13 September 2007

Wow... I made it!

The Flyer by Marjorie Jones
Hello friends, I have arrived, lifting my head from endless research hours and settling into my new apartment. I moved recently and it's amazing how long someone can live out of boxes! But things are coming along and I realized that today is my day to post!

So this is more of a blog by to let everyone know that I enjoy coming by to check out everyone's posts and I hope to be back on track with the real world in the near future.

In lieu of a lesson or interesting tidbit from the research I've been doing for my next 20th Century historical novel (set in Africa this time), I thought I'd do a little shameless plugging. The Flyer is out! I received my copies a couple of weeks ago and it's so beautiful, I nearly cried. The artists at Medallion Press are certainly talented.

Here endeth the self-promotion and on to my actual posting: I've been watching Legends of the Fall repeatedly for the past week or so. Research, of course. My next novel has a hunter hero running from a past he can't get away from, and in LotF, Tristan also ends up in Africa as he runs from the guilt that he couldn't save his brother during the Great War. Recent events in my life have made the concept of happily-ever-after a little hard to write, so I'm thinking of taking this new project in a different direction... the epic novel that might be VERY romantic, but isn't a romance, per se.

My question for writers and readers alike is this: Writers: Do you ever find yourself in a position where you're unable to abide by the standards of your genre and the muse insists on taking you in another direction? And if so, do you listen to the genre or the muse?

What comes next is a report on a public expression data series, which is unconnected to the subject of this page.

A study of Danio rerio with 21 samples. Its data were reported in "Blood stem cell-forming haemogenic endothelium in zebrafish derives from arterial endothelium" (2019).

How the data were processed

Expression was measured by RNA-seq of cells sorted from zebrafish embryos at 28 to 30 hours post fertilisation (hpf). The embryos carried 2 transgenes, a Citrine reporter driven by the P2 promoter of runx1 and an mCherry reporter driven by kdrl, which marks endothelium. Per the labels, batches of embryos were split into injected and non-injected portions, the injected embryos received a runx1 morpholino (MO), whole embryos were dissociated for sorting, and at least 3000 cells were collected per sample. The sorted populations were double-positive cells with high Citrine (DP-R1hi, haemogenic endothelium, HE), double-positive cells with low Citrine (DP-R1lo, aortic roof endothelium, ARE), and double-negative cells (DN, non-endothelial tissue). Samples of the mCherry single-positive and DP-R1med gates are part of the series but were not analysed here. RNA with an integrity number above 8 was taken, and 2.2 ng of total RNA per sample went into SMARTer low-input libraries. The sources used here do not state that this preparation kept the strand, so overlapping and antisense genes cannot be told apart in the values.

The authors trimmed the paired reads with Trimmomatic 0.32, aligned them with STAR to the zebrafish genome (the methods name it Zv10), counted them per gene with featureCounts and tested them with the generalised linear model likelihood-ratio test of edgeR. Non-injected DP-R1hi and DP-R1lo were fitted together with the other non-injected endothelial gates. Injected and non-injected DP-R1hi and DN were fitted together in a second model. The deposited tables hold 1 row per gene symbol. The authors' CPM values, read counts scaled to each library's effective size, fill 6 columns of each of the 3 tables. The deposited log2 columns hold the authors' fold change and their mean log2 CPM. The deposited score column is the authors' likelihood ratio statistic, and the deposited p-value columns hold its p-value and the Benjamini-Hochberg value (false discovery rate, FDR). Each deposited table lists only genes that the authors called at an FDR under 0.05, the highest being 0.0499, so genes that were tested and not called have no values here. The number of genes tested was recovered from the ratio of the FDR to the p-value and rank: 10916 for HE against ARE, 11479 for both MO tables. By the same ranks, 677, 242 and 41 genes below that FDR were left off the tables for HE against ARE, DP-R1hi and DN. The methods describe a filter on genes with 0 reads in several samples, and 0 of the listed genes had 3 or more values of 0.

And readers: If you're a romance fan, and a romance novelist you've enjoyed reading suddenly switches to another genre, would you tar and feather? Would you read the new work because you like the writer? Or would you simply skip that book and wait for another steamy romance with the traditional HEA?

I can feel the writing bug beginning to itch and after being blocked for nearly a year, I'm terrified to pick up the pen, so to speak. I'll be anxiously waiting any sage responses, and in the meantime... Tristan, Alfred, Susanna and Isabel 2 await...

Marjorie

1 comment:

Erastes said...

As a writer: (and as a reader actually) I dislike "genre" completely. I agree that some people like to know what's in the book before I read it but i emphatically don't - hence the interest in "unusual historicals".

I want my books to blend and blur - and some of my favourite books of all time do just that. The Vintner's Luck for example - historical/fantasy/family saga/homosexual heartbreaking story.

If a writer changes their genre? It depends on whether they can do the change. JKR (I've heard) is planning a mystery although I don't know how true that is - and I'm just tittering behind my hand. She can't keep her facts and maths straight for five minutes in the Potter books, I can't see her managing a mystery.